Baile nam Fonn wrote:
Just watched Marvel's Civil War for the first time.
Mildly pleased to discover that I somehow, without any effort, managed to avoid any significant spoilers.
Loved it, from start to finish (credits included: yeah, I'm one of those
-- interesting names are interesting). Avengers seem to be incapable of disappointing me.
Watched just as an action movie, it's great fun.
I didn't care for the subtext, though, which was nearly made explicit by the writers in the scene at Avengers HQ:
Vision: In the 8 years since Mr. Stark announced himself as Iron Man, the number of known enhanced persons has grown exponentially. And during the same period, a number of potentially world-ending events has risen at a commensurable rate.
Steve Rogers: Are you saying it's our fault?
Vision: I'm saying there may be a causality. Our very strength invites challenge. Challenge incites conflict. And conflict... breeds catastrophe. Oversight... Oversight is not an idea that can be dismissed out of hand.
I find it pretty hard not to read that as "America created the terrorists; the violence in the world will stop when America stops throwing its weight around."
To which Captain "America" replied:
Steve Rogers: We may not be perfect but the safest hands are still our own.
Seen in this light, the theme of this movie is that a renegade (Captain) America gets what it deserves for using its power in the world, even if it thinks it's doing good, and that by refusing to do as it's told by the rest of the world, (Captain) America deserves to be treated as an outlaw criminal.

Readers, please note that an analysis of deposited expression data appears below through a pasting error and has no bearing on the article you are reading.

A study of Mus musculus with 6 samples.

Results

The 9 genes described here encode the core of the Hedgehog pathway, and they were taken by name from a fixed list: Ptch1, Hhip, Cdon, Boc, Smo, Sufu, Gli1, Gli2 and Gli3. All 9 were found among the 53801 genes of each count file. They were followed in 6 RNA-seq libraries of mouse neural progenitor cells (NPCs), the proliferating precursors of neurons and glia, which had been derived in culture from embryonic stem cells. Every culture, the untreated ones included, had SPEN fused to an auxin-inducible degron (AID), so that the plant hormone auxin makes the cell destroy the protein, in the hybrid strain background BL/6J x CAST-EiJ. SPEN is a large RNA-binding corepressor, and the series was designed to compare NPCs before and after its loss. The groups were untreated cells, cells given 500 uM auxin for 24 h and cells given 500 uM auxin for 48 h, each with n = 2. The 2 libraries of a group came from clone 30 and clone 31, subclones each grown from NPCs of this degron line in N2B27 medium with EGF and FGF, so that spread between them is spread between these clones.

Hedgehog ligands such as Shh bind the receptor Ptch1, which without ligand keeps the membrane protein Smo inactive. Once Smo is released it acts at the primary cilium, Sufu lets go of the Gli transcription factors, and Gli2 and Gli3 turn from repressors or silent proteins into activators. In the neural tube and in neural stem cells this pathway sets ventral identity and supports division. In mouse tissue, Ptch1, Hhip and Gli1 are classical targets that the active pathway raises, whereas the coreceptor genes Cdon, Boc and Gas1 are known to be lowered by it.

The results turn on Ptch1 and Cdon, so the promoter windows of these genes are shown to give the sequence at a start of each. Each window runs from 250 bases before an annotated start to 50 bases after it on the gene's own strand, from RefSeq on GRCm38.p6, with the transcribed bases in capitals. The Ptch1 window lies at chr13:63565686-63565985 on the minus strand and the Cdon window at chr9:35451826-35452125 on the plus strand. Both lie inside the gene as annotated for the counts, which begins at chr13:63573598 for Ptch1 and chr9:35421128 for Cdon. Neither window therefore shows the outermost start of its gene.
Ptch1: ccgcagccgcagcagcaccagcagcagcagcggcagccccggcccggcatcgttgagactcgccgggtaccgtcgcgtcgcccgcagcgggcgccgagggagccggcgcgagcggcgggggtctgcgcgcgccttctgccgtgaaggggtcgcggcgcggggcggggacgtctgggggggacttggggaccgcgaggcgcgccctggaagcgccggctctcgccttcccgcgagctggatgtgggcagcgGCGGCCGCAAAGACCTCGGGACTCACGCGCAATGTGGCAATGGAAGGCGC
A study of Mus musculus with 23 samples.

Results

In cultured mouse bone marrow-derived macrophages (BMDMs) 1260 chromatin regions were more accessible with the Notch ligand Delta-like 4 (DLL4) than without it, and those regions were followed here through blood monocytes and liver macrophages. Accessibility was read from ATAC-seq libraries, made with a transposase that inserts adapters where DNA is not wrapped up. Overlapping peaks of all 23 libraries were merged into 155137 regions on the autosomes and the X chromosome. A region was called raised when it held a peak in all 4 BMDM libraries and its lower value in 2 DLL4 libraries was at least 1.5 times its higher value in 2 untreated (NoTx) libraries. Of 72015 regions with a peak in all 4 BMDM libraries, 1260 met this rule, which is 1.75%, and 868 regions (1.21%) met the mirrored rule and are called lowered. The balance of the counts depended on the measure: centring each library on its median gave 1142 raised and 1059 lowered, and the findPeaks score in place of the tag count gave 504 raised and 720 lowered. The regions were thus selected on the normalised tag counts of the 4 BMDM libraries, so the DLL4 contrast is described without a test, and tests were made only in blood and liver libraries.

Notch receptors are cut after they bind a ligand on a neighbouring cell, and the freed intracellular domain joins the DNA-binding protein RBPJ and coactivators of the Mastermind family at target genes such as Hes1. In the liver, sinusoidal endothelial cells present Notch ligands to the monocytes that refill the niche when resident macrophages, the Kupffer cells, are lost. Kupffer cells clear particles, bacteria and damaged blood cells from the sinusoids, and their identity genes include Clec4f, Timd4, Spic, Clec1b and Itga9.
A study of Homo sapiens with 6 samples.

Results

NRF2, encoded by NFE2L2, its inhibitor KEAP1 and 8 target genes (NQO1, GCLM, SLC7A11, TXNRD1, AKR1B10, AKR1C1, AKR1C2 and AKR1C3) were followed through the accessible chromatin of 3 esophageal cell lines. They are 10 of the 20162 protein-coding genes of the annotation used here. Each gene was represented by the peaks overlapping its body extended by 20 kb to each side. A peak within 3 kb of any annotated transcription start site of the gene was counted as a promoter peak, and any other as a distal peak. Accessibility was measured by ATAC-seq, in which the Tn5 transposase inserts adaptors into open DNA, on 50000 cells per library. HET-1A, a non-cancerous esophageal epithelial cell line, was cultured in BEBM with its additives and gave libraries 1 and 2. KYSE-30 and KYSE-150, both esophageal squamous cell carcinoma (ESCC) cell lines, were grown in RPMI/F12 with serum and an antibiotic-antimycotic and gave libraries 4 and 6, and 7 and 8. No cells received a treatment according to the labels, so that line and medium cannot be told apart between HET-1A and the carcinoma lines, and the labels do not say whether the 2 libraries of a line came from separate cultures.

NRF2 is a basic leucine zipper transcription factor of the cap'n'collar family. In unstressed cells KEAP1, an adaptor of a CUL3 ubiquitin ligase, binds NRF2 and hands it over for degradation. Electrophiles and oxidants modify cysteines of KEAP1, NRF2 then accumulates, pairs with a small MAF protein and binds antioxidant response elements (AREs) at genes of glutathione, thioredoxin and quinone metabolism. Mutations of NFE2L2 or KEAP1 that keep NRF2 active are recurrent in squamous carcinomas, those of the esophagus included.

At that point, the story of Captain America: Civil War
decayed into Paul Verhoeven's Starship Troopers
, which was an effort to satirize American action in the world as fascist. In the DVD commentary track, Verhoeven explicitly expresses his opinion that America is a fascist nation -- the movie was just a better way to dramatize that belief than for him to simply state it.
The writers themselves make no evasions: yes, the character of Captain America is a metaphor for the country. So how they wrote him in this film, and the reaction of the other characters to Captain America, is a direct representation of how they think other countries see America. As screenplay writer Stephen McFeely put it
It is not our place to necessarily inject our politics all over this movie, and it is not our place to say exactly what the nature of America is, but I’m also a knee-jerk lefty Hollywood screenwriter.
So: Personally, I could have done without the story of a CAPTAIN AMERICA
movie being written as an apologetic revenge fantasy.
But hey, great action sequences.
[Note: Obviously this is a pretty strong opinion. I appreciate that others may object to my criticism as either "seeing things that aren't there (it's only a movie)" or "yes, they did intend to use a movie to express the personal political belief you describe, but they're factually right and you're just wrong." I will not be drawn into a big back-and-forth debate on this, but if someone wants to express an alternative view in a friendly, thoughtful way, please do... and it does occur to me that a movie that can generate rational conversation about a subject that matters is maybe not entirely a storytelling failure after all.]